NABP said this week that Microsoft’s policy will validate that online pharmacies advertising on the U.S. site of, the software giant’s Web search and content portal. Ads for Internet drug outlets not accredited by VIPPS will no longer be permitted to display advertisements in’s U.S. sponsored search results, NABP reported.

Likewise, online pharmacies lacking VIPPS accreditation won’t be allowed to display ads in the U.S. sponsored search results of Web search and content giant Yahoo.

"NABP is pleased to work with companies to help weed out rogue Internet drug outlets that place patient safety at risk for the purpose of profit," Gary Schnabel, NABP executive committee chairman, said in a statement. "We applaud Microsoft for barring these sites and for prioritizing consumer safety above advertising dollars."

"On behalf of the state boards of pharmacy, NABP is pleased to see Yahoo taking steps to protect the public health against rogue Internet drug outlets," commented NABP president William Winsley, MS, RPh. "We congratulate Yahoo on its conscientious decision to hold pharmacy advertisers accountable to the laws established in the U.S. to protect patient health."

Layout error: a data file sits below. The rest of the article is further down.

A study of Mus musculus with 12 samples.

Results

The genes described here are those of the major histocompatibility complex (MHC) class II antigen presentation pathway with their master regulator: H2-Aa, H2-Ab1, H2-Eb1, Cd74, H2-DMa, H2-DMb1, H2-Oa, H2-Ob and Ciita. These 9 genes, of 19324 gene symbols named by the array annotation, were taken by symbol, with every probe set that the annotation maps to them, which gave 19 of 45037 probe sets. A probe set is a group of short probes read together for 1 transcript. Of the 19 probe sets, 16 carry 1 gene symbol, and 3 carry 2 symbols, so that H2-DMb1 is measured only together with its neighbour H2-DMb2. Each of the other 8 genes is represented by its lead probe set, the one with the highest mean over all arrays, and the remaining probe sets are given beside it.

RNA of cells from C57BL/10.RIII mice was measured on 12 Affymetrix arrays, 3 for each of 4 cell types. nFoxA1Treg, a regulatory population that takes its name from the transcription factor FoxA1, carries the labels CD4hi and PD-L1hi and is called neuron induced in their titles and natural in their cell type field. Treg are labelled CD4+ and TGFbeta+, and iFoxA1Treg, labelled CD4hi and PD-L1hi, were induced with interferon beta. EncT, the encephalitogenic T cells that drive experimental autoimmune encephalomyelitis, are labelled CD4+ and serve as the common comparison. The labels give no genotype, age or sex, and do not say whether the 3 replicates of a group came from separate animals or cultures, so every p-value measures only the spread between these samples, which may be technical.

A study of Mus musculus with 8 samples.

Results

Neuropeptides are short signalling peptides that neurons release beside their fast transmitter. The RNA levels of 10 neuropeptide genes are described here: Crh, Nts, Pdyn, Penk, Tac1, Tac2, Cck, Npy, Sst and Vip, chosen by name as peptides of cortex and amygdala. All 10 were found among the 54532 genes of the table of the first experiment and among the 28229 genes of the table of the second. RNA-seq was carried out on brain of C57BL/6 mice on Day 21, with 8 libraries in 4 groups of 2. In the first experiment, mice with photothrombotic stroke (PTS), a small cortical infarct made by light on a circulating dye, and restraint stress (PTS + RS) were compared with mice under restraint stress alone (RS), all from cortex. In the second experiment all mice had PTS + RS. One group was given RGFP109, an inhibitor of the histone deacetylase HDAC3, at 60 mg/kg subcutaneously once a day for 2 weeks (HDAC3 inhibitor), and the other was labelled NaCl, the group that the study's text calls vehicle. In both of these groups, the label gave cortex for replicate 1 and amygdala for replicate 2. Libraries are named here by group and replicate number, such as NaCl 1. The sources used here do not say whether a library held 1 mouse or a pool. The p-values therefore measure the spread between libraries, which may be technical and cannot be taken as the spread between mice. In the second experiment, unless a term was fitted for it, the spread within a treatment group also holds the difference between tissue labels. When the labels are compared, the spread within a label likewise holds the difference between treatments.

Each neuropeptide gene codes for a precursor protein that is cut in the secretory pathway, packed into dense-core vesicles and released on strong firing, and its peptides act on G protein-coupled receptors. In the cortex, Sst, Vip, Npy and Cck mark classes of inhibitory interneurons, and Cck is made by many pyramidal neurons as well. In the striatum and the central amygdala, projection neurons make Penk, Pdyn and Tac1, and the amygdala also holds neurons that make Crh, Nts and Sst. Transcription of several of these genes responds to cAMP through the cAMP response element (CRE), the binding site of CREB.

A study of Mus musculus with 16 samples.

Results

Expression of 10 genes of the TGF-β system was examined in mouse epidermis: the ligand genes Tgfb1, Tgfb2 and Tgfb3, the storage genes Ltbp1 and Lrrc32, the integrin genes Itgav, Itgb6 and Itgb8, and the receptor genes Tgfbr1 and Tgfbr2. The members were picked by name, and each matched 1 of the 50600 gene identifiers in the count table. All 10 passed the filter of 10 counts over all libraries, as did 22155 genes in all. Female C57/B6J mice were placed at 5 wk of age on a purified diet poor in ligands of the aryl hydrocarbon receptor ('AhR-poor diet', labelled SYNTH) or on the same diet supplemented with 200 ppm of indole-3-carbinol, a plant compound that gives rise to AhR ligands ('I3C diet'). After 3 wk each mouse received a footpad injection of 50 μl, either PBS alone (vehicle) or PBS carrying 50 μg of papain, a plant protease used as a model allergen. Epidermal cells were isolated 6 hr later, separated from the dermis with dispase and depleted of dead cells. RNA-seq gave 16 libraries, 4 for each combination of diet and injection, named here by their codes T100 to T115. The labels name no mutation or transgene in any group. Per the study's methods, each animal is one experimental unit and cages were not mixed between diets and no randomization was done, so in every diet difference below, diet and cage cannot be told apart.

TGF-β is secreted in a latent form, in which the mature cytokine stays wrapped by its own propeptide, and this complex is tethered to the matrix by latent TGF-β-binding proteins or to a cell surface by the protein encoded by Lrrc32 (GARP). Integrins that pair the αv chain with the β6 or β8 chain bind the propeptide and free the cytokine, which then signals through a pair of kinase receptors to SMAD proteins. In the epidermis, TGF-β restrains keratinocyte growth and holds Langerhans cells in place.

In February, NABP applauded Web search and services giant Google for requiring online pharmacy advertisers to show VIPPS accreditation. And later that month, the Canadian International Pharmacy Association announced has been awarded the role of accrediting online pharmacy advertisements in Canada by Google AdWords.

NABP noted that three major search engines now limit their online pharmacy advertisers to those that are VIPPS-accredited. Google implemented its policy on March 1, and Microsoft and Yahoo followed on June 7.

The association said that over two years ago it began an intensive study of Web sites selling prescription drugs and thus far has found that, of the more than 6,000 Internet drug outlets it has reviewed, 96% appear to be out of compliance with pharmacy laws and practice standards. The association noted that these sites dispense dangerous prescription drugs to patients without a valid prescription or medical oversight, and the medications are often unapproved for sale in the United States or any other developed country — and are often substandard, contaminated or counterfeit.

Along with VIPPS, NABP has developed a complementary program, the NABP e-Advertiser Approval Program, that identifies legitimate Internet advertisers that offer only limited pharmacy services or other prescription drug-related services online.

*Editor’s Note: Story updated June 11 with the Yahoo VIPPS announcement.